What safety and security measures are used in America's public schools?
Schools use a variety of practices and procedures to promote the safety of students, faculty, and staff. The School Survey on Crime and Safety (SSOCS) collects data on school safety and security practices by asking public school principals about their school’s use of safety and security measures, as well as whether their school had written procedures for responding to selected scenarios and whether it had emergency drills for students. SSOCS also asked schools about the presence of security staff and the availability of trainings for classroom teachers or aides on school safety and discipline provided by the school or school district.1
In the 2017–18 school year, 95 percent of public schools reported that they controlled access to school buildings by locking or monitoring doors during school hours. Other safety and security measures reported by public schools included the use of security cameras to monitor the school (83 percent), a requirement that faculty and staff wear badges or picture IDs (70 percent), and the enforcement of a strict dress code (49 percent). In addition, 27 percent of public schools reported the use of random sweeps for contraband, 20 percent required that students wear uniforms, 9 percent required students to wear badges or picture IDs, and 5 percent used random metal detector checks.
Public schools’ use of various safety and security measures differed by school characteristics during the 2017–18 school year. For example, a greater percentage of primary schools than of middle schools required students to wear uniforms (23 vs. 18 percent), and both percentages were greater than the percentage of high schools requiring uniforms (10 percent); for schools that used the measures of controlling access to school buildings and requiring faculty and staff to wear badges or picture IDs, the same pattern of percentages by school level can be observed. In contrast, greater percentages of high schools and middle schools than of primary schools reported the use of security cameras to monitor the school, the use of random sweeps for contraband, a requirement that students wear badges or picture IDs, and the use of random metal detector checks. For instance, 65 percent of high schools and 50 percent of middle schools reported the use of random sweeps for contraband, compared with 8 percent of primary schools. The percentage of schools reporting the enforcement of a strict dress code was greater for middle schools (62 percent) than for high schools (56 percent), and both percentages were greater than the percentage of primary schools enforcing a strict dress code (43 percent).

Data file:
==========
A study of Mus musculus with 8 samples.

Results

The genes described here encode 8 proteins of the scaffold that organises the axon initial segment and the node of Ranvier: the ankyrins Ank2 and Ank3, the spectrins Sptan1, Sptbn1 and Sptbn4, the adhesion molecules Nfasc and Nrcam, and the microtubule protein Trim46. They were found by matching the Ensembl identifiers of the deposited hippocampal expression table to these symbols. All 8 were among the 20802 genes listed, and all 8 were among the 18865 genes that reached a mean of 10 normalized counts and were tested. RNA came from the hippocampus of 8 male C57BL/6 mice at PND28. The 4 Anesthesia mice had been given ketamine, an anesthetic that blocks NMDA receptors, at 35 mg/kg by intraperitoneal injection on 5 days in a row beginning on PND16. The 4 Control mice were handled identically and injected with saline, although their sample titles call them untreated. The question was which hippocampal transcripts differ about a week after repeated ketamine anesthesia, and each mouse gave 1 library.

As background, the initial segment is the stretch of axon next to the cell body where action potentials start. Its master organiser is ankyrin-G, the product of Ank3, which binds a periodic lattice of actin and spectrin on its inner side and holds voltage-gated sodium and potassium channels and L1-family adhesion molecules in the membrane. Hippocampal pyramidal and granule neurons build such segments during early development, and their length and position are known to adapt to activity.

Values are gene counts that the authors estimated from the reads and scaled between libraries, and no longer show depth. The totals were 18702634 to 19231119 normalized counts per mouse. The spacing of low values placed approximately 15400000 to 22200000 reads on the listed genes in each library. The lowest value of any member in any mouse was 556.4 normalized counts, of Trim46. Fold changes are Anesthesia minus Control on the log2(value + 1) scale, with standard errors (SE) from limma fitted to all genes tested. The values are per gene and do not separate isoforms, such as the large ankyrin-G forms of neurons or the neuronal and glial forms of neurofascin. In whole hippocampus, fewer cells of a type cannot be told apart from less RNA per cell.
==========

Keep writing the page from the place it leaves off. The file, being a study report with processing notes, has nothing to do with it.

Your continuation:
Percentage of public schools that used selected safety and security measures, by school level: School year 2017–18
! Interpret data with caution. The coefficient of variation (CV) for this estimate is between 30 and 50 percent.
1 For example, locked or monitored doors or loading docks.
2 Examples of random sweeps include locker checks and dog sniffs. Examples of contraband include drugs and weapons.
NOTE: Responses were provided by the principal or the person most knowledgeable about crime and safety issues at the school. Primary schools are defined as schools in which the lowest grade is not higher than grade 3 and the highest grade is not higher than grade 8. Middle schools are defined as schools in which the lowest grade is not lower than grade 4 and the highest grade is not higher than grade 9. High schools are defined as schools in which the lowest grade is not lower than grade 9.
1 In 2013–14, data on many of these items were collected from the Fast Response Survey System (FRSS) “School Safety and Discipline” survey. In this Fast Fact, data for 2013–14 were collected using FRSS, while data for all other years were collected using SSOCS. The 2013–14 FRSS survey was designed to allow comparisons with SSOCS data. However, all respondents to the 2013–14 survey could choose either to complete the survey on paper (and mail it back) or to complete the survey online, whereas all respondents to SSOCS had only the option of completing a paper survey prior to 2017–18, when SSOCS experimented with offering an online option to some respondents. The 2013–14 FRSS survey also relied on a smaller sample than SSOCS. The FRSS survey’s smaller sample size and difference in survey administration may have impacted the 2013–14 results.